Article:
The feasibility studies for key logistics complexes in Phnom Penh and Sihanoukville are expected to be concluded before the end of the year, according to the president of the Cambodia Freight Forwarders Association (CAMFFA)Sin Chanthy, CAMFFA president, told Khmer Times the reports will be concluded soon, possibly before the end of the year.
“As far as I know, the feasibility studies of the complexes will soon be completed,” he said, adding that: “But we don’t know when construction will begin.”
In a report released last week, the Ministry of Public Works and Transport said the feasibility study for the logistics centre in the capital is being conducted with the help of the Asian Development Bank, while the International Monetary Fund is assisting with the study for the complex in Sihanoukville.
The constructions of logistics centres are an important part of the government’s Logistics Master Plan. They are expected to expand options for land, rail and water transportation, and reduce logistics costs, enhancing the competitiveness of local products and services.
Pich Chhieng, director of the General Directorate of Logistics, could not be reached for comment on Monday, but previously told Khmer Times that work on the feasibility study for Phnom Penh began in July and will finish in October or November.
Mr Chanthy said logistics complexes act as a “one-stop service centre” for import and export activities, bringing together the relevant government institution and private companies.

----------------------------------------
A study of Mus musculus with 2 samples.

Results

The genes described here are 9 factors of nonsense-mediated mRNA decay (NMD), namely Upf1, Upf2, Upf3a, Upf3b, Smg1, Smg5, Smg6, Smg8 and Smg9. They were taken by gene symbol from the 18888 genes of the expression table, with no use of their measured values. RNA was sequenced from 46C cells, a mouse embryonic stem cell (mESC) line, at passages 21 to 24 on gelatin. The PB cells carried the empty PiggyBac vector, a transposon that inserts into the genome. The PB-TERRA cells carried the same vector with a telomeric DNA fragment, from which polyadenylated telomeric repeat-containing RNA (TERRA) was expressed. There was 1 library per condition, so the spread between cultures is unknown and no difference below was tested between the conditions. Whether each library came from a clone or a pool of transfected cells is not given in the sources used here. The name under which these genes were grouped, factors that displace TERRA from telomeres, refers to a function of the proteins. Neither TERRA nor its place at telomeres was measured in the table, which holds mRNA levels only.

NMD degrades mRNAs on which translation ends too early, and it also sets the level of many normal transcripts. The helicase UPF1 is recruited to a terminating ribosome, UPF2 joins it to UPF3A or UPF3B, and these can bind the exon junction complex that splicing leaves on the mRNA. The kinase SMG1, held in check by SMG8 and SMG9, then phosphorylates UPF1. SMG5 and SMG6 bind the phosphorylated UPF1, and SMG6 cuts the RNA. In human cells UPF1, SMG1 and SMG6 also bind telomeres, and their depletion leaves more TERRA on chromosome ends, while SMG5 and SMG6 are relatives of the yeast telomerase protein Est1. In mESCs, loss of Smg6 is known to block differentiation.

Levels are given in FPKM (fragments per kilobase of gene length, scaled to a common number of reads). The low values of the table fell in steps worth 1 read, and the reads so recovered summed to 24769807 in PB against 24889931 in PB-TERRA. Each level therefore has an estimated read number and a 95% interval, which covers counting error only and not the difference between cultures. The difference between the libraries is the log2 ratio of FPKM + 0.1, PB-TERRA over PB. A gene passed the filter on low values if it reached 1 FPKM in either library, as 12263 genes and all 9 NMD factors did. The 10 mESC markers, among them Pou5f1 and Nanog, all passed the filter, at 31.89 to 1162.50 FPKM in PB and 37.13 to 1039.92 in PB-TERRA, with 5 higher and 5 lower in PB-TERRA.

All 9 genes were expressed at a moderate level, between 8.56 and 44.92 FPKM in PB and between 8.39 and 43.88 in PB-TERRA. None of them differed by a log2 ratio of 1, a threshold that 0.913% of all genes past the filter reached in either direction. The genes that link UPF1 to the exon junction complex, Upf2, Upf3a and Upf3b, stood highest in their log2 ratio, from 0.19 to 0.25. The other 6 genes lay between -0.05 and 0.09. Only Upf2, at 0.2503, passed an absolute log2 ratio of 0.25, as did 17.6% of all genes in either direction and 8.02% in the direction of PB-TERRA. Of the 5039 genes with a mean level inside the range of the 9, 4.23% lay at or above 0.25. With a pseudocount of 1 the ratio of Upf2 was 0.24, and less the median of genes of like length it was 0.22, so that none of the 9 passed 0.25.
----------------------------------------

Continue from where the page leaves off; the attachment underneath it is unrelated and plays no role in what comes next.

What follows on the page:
“The complex will serve as a place where all transportation-related documents can be processed, saving companies time and reducing the cost of transportation,” he said.“By building these facilities, we hope that the logistics sector in Cambodia can be improved,” said Mr Chanthy.
He noted that the factories will be connected to the logistics centres, who, in turn, are connected to ports and airports.
Mr Chanthy noted that cargo traffic at local ports has been steadily rising over the last few years, with particularly strong growth in 2018 and 2019 that has led to congestion.
“To improve the situation, the construction of logistics centres should be prioritised. They will play a critical role in reducing congestion.
“Neighboring countries like Thailand, Vietnam, Malaysia, and Singapore already have such centres,” he said.Cargo traffic at Sihanoukville Autonomous Port (PAS) rose by 18 percent during the first nine months of the year compared with the same period last year.
From January to July, state-owned Phnom Penh Autonomous Port handled 150,419 twenty-foot equivalent units (TEUs), a 29.5 hike compared with the same seven-month period last year.
In an interview with Khmer Times last week, Miyao Masahiro, chief representative of the Japan External Trade Organisation, said transportation in Cambodia is significantly more expensive than in neighbouring countries and represents an important barrier to attracting foreign investment.
“The number of ships coming to Cambodia’s ports is lower than those coming to Vietnam’s and Thailand’s, which means transportation costs increase,” he said.